CD Reviews – May/June 2011

The new music that are reflecting the region right now

CD coverShaggy

Big Yard Presents Shaggy and Friends

The Jamerican dancehall toaster, born Orville Richard Burrell, shoots and scores on this latest disc, which sees him veering away slightly from the reggae/dancehall style he is best known for, and instead venturing into unfamiliar terrain like pop-rock and even dance.

“Too Cute”, featuring Ty-Arie, is the bouncy track that kicks off the disc. But it’s songs like “Believer” and “This Could Be Your Day” on which Shaggy’s raspy baritone singing voice is strongest. Listen out too for the fun “Good Times Roll” and “You See Him Face”.

As the title suggests, Shaggy gets by with a little help from his musical friends, among them Jaiden, Rick Rok (with whom he collaborated on the hit “It Wasn’t Me”) and his longtime singing partner in crime, Rayvon.

The self-styled Mr Lover Lover could never complete an album without addressing his legions of female fans. He does so with a reminder of his sexual prowess in “Everything You Need” – a distant cousin to his earlier hit “Boombastic” – and “Needle Eye”, in which he defends the cheating ways of men.

 


 

Bushman sings the Bush Doctor: a tribute to Peter Tosh

Bushman

After years in the planning and even more in the making, roots artist Bushman finally delivers a 15-track disc that sees him paying homage to the late, legendary reggae singer Peter Tosh. Born in 1944, Tosh, who died in 1987,was a member of the Wailers who went on to be a successful solo act.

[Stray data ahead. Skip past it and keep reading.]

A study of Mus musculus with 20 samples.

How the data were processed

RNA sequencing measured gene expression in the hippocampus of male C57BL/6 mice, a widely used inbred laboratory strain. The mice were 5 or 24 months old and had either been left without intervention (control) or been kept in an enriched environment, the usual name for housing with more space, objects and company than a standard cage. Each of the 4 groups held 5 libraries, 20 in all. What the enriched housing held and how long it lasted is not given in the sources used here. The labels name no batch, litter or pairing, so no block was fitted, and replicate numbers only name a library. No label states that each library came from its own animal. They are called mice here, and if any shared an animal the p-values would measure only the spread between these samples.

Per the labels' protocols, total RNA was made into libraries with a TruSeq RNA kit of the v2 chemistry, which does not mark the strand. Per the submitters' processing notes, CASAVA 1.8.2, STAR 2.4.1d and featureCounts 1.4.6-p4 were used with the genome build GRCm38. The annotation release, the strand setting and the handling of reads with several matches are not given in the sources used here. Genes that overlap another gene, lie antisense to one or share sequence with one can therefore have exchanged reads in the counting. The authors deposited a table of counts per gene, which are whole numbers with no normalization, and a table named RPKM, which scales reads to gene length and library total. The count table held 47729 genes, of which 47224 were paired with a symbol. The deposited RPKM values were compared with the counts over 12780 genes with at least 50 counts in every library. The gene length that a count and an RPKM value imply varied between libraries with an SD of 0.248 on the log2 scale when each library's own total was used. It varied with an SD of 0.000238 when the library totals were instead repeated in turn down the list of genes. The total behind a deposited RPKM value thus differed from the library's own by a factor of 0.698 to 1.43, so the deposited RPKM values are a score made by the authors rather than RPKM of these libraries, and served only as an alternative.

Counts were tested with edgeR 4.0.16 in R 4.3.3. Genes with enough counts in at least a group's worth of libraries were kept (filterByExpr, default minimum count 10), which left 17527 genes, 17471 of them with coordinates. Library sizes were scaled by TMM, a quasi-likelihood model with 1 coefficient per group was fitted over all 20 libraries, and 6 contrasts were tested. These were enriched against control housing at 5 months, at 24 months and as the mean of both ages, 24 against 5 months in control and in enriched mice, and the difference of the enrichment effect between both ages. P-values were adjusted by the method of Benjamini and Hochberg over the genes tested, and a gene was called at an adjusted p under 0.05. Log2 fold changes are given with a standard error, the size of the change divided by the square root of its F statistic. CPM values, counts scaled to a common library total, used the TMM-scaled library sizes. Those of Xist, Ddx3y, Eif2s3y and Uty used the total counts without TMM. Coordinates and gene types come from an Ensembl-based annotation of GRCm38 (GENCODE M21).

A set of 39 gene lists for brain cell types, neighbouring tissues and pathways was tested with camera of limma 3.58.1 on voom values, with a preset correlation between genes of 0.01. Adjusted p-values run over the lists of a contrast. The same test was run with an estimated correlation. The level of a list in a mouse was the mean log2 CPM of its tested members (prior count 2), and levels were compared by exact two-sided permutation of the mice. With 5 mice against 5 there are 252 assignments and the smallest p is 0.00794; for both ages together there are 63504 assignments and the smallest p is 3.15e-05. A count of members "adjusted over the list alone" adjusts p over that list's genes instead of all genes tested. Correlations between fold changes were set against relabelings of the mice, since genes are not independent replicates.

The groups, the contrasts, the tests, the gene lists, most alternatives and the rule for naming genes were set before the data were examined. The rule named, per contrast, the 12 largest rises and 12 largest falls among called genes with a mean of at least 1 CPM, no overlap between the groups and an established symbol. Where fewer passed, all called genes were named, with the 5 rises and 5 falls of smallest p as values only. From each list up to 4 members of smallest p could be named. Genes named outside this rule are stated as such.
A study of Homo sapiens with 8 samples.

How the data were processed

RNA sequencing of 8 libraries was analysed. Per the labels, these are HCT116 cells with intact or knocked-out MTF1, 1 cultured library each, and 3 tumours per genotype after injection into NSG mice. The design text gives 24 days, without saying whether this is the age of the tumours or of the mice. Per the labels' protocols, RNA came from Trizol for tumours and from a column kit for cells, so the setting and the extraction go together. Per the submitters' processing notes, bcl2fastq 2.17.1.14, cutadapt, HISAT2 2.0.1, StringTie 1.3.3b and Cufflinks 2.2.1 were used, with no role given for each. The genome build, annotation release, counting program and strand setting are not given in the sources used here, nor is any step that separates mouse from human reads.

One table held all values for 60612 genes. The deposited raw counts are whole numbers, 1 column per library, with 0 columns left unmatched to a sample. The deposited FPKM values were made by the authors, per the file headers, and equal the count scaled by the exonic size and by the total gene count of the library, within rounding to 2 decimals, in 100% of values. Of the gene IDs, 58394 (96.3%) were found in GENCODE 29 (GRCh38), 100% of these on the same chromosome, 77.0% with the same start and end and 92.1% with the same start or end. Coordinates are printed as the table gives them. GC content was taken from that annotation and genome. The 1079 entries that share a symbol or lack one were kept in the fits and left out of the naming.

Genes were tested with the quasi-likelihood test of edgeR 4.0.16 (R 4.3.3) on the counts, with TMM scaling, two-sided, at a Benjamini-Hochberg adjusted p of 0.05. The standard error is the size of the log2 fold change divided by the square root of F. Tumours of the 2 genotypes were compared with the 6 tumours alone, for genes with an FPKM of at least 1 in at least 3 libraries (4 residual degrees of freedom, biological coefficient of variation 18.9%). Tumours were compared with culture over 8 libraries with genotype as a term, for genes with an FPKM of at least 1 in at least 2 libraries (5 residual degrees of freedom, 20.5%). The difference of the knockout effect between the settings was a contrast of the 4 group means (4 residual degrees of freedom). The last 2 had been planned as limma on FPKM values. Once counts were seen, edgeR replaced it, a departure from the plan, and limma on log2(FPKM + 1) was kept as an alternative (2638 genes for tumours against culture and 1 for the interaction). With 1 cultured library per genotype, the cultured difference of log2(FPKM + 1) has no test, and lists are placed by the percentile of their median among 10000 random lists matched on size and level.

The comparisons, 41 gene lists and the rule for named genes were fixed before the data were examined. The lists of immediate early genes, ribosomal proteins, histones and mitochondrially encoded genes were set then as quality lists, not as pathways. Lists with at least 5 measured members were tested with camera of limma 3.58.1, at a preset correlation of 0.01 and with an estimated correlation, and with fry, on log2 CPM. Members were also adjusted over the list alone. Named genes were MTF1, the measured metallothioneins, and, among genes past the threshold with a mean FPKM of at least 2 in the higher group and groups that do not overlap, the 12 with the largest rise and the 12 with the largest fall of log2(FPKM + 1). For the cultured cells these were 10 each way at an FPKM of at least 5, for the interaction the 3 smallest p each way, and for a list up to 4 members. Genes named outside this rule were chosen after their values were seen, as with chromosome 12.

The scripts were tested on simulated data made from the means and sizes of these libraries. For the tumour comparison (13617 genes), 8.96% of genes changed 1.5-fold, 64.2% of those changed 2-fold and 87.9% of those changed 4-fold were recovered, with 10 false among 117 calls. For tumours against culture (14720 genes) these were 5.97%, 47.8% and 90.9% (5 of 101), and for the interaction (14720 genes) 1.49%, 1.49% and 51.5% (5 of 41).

The disc includes Tosh’s original backing band (which accounts for the authentic Tosh sound) and features Bushman’s unpretentious bassy pipes on Tosh classics “Bush Doctor”, “Buckingham Palace”, “Mawga Dog” and “Johnny B Goode”. Most impressive are the Bushman-Buju Banton collaboration on “Mama Africa” and his take on “Igziabeher”.

Bushman was born in 1973 in St Thomas, Jamaica, and shot to fame after meeting the reggae production duo Steely and Clevie.

Tosh’s fans may see these versions as a far cry from the originals, but that’s a given. Bushman’s treatment of Tosh’s work could never eclipse that of the original singer, but, truth be told, he does hold his own.